Professor John Gatsi, Dean of Business Studies at the University of Cape Coast (UCC), has said that the management and delivery of quality second cycle education should not be the business of government alone.
Delivering the keynote address at the 70th anniversary of Keta Senior High Technical School (KETASCO) Professor Gatsi said quality second cycle education required the involvement of all stakeholders.
According to him, since government announced the free Senior High School programme, ” the entire second cycle education was treated as if the second cycle students have become the property of the government, and that parents and teachers do not have a say in how students are taught, where they are taught, what they eat, among others.”
He called for the separation of politics from the management of the schools.
“We know that targeting SHS students has implications for votes as many of them will qualify to vote by the time they are in their final years and first year in university and other tertiary institutions- However, quality educational implications will last longer when stakeholders play active roles,” he said.
The Professor who is an old student of KETASCO, said that managers of the country’s education “may design the mode, content, duration, pedagogical arrangements of second cycle education in Ghana but a measurable quality that will define the future contribution of graduates, to community and national development is a question of contribution by stakeholders and not government alone.
Professor Gatsi questioned the rationale behind the scrapping of Parent Teacher Association (PTA) dues as those played a pivotal role in helping in addressing some of the infrastructure challenges in the schools.
The Professor said however that accountability, and transparency by PTAs to their members are key requirements to keep members committed.
He recommended that PTA dues be paid directly into a dedicated bank account and should not be left to some ‘lone ranger honest person.’
He lamented the development where SHS two students had to be sent home on vacation after spending just 37 days in school.
“Recently, some of the SHS students spent 37 days in school and were asked to go on vacation for 56 days. Students were surprised because their teachers, headmasters and headmistresses were not aware.” he stressed.
“We used to have the concept of schools under trees. Now we have in addition to schools under trees in certain parts of the country, writing and learning on the floor, these pronounces inequality and inequity.”
“Also, the minimum acceptable standards of quality education will be achieved wherever the student is placed. The UN SDG4 focuses on inclusiveness and equitable quality education, and these are to promote lifelong learning opportunities for all,” he said.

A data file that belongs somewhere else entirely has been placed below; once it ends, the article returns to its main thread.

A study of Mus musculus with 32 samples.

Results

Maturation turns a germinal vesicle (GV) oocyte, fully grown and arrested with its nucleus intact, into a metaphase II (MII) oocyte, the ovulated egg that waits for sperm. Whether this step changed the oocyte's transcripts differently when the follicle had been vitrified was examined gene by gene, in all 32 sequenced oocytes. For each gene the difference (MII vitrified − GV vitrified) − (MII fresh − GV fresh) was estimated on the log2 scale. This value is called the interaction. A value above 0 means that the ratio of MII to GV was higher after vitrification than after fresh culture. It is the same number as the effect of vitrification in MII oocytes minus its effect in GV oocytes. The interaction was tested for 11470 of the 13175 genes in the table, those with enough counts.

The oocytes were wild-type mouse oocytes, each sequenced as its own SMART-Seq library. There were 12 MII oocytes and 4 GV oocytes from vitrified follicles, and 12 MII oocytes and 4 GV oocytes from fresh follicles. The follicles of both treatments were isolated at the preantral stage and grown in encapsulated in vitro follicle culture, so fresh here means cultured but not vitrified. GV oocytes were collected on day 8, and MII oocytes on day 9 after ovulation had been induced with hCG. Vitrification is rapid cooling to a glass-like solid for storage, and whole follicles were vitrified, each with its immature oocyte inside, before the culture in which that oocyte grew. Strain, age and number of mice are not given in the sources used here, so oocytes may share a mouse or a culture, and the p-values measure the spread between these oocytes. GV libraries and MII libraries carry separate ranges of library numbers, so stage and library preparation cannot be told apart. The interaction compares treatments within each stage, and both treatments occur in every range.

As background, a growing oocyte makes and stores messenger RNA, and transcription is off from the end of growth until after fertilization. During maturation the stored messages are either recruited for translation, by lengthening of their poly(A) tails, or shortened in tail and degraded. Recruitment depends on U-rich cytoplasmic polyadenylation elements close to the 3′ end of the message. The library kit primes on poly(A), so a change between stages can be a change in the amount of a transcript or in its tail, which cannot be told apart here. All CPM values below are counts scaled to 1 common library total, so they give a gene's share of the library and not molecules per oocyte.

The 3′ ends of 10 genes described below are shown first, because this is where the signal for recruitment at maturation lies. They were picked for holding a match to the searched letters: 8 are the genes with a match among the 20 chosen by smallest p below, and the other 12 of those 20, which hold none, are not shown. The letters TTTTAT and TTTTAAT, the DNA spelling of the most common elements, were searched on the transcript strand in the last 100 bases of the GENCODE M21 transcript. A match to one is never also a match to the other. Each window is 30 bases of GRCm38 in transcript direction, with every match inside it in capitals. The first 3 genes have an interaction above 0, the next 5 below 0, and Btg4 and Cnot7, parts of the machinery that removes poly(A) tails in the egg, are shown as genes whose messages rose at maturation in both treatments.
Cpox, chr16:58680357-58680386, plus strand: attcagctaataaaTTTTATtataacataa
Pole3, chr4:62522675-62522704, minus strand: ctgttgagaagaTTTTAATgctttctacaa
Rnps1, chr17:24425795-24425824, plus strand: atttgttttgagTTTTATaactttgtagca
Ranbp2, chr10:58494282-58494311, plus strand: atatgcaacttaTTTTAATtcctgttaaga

Professor Gatsi said, Technology as promoter of quality education should be assessed and deployed.
He further said that teachers were an essential element in the chain of stakeholders. “Availability and acquaintance with the curriculum by the teachers are a key requirement to contribute to quality education. Contact hours students have with the teachers and the general environment provided for the teachers to deliver are required to ensure teacher productivity and quality delivery.
He said teachers are called upon to see their work not only as a job but as a calling to ignite commitment that would demonstrate to students that teachers are willing to help them achieve success.
He observed that teacher fatigue was killing many teachers slowly in many of the schools and insisted the adoption of a system that allows teachers to get enough rest.
He called on Ghanaian teachers to draw inspiration and lessons from the University of Cape Coast (UCC) anthem, that “teachers are the teachers of the nation, they learn to teach, they find and pass on, they counsel, they guide that all men may be enlighten, they are the bedrock of knowledge. They are the kindest of them all, they train, they mode to impact all virtues that Ghana may be strengthened.”
He further called on the teachers to rise to the call to step up their contributions to quality second cycle education
Professor Gatsi said academic knowledge is of less importance in the absence of appropriate value systems.
He advised students to shy away from indiscipline and other vices as that had the potential of tracking them down from the path of success.
The anniversary which brought together old students of the school, teachers, Parents, Chiefs and Elders of Keta and surrounding communities as well as representatives from sister Senior High Schools was marked under the theme: KETASCO at 70: Retrospect and Prospect.